Commercial TV Struggles With Tight German Laws
BY most accounts, the Vox television channel was poorly managed and had a lackluster, talk-show format. The combination meant consistently low ratings.
So it was no surprise when the station - one of 13 private channels in Germany - announced March 29 that it was shutting down in early May.
``Vox had an unpolished concept that did not meet viewer expectations,'' says Vox spokesman Uwe Krink, reflecting on the channel's demise. ``Vox also tried to get started in the middle of a recession.''
While few viewers may mourn the loss of Vox after only 15 months of broadcasting, the station's collapse is intensifying the debate on Germany's media ownership laws.
Without legislative changes, Mr. Krink and other media representatives say, other commercial stations are likely to close. And in the long-term, the restrictive legislation could hurt the competitiveness of German publishing conglomerates, such as Bertelsmann AG.
Commercial television in Germany has existed only since 1985. Before then, two state-run channels were about the only option for viewers. Although commercial stations are making inroads on TV ratings, in many cases their financial status remains precarious as Germany struggles to dig out of recession. Only one private channel, RTL, has recovered its original investment and is now making money.
Bertelsmann, the world's second-largest media group after Time Warner, has been the German company most critical of existing TV-ownership laws. The biggest legislative flaw, Bertelsmann officials say, is a regulation that prohibits one company from holding a majority stake in a TV station. As a result, commercial stations are owned by cumbersome corporate coalitions whose members don't always see eye-to-eye when it comes to programming and other management. Cologne-based Vox, for example, was owned by Bertelsmann, Suddeutscher Verlag, the WestLB bank, and others. Because it owns 39 percent of RTL, German law restricted Bertelsmann's stake in Vox to 24.9 percent. A stake above 25 percent gives a shareholder a management veto.
Bertelsmann spokesman Helmut Runde says that if the law had permitted it, Bertelsmann would have increased its stake in Vox, perhaps saving the channel from bankruptcy and its 390 employees from unemployment.
The losses at Vox are just a blip on Bertelsmann's balance sheet. It projects that sales this fiscal year will exceed 1992-93's record performance of $1.1 billion. The conglomerate's best performer is its music group, which includes the Arista Record label. It also runs a book club and has extensive newspaper and television holdings.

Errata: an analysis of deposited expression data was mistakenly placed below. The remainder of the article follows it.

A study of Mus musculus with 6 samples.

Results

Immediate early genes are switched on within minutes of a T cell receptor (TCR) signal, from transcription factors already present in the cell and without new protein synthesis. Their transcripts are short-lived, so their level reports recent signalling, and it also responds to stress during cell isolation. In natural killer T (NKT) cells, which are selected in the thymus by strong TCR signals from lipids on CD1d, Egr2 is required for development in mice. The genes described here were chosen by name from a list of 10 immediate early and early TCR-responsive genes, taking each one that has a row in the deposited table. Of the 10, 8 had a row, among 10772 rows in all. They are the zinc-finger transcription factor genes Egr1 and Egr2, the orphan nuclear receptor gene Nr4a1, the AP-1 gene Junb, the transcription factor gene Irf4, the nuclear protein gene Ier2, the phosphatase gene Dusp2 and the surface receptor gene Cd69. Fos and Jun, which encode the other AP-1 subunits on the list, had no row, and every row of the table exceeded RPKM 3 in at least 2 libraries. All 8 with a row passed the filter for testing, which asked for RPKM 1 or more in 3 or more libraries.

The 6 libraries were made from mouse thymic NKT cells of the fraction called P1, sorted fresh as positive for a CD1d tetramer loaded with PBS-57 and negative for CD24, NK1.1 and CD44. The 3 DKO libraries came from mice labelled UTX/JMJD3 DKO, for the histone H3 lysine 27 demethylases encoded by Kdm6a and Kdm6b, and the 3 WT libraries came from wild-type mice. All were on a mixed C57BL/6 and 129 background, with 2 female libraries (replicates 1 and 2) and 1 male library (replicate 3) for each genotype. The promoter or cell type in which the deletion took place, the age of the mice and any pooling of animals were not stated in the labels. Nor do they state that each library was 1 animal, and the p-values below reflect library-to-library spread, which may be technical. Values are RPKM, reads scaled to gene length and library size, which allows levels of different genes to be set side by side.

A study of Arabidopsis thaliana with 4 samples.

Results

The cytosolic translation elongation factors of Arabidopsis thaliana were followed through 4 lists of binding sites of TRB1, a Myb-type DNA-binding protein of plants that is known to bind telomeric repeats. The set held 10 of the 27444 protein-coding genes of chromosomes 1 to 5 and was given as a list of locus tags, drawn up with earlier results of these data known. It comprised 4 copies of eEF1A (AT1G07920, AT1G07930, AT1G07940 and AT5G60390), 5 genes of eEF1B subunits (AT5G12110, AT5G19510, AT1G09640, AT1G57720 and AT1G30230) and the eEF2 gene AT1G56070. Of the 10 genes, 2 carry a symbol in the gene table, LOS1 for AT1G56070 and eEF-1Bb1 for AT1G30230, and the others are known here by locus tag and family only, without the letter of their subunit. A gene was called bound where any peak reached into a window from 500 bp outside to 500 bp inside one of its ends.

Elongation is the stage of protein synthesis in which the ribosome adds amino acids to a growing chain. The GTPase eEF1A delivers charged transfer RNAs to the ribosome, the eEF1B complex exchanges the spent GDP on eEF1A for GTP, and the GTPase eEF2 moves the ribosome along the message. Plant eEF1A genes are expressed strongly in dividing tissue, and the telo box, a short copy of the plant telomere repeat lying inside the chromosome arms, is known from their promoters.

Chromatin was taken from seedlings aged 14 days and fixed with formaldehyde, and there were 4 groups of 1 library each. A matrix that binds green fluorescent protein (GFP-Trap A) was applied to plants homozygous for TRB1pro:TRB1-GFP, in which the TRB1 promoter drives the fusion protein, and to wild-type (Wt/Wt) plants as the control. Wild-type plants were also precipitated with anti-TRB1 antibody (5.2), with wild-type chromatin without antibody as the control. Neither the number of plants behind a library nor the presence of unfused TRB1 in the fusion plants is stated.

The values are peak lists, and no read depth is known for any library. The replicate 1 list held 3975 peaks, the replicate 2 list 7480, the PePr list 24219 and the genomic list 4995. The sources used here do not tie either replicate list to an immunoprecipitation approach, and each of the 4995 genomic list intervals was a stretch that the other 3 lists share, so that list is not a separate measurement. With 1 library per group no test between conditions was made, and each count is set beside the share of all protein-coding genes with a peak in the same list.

In all, Vox lost about $377 million, costing Bertelsmann about $94 million. But in the conglomerate's eyes, a loss-making television channel - even over the medium term - is better than no channel at all. If Bertelsmann is to continue to be successful in the 21st century, Mr. Runde says, it must make the transition from print to audio-visual, which is now seen as the most lucrative media field. Existing laws, however, are acting to brake Bertelsmann's moves, he adds. ``We've become pioneers [in commercial TV] not because we're adventurers, but because we've had to,'' he says. ``And when you make such a move, you should make it with all your strength.''
Some lawmakers agree. One, Peter Glotz - a Social Democratic member of Germany's parliament - insists nothing could have saved Vox, but says a new legislative formula must be found to allow media conglomerates to own TV stations outright.
``The aim [of the current legislation] was to preserve the plurality of opinion and the independence of stations,'' Runde says. ``But as a consequence, this limits the possibilities. Decisionmaking is difficult. No one can really influence programming,'' he continued. ``It's very difficult with this media legislation for a commercial station to be successful.''
Part of the problem with the regulatory situation is inexperience, as commercial television operations are still relatively new in Germany. But a far more important factor is the method of regulation, Mr. Glotz says.
Currently, television is supervised not by the federal German government, but by the 16 state governments. This system means that reform requires lots of horse-trading and lengthy delays.
``This is too complicated,'' Glotz says. ``The German system of federalism will be shown not to work. We will eventually have to establish something like the [United States] Federal Communications Commission.''
Glotz is convinced German regulatory changes will come. But they will take time. And as Germany contemplates change, recent Italian experience sounds an alarm. Much of Italian media mogul Silvio Berlusconi's success in the March elections is attributed to his media empire.
Given the nation's Nazi past, many Germans are still afraid of a similar electoral development in Germany, Krink and others say.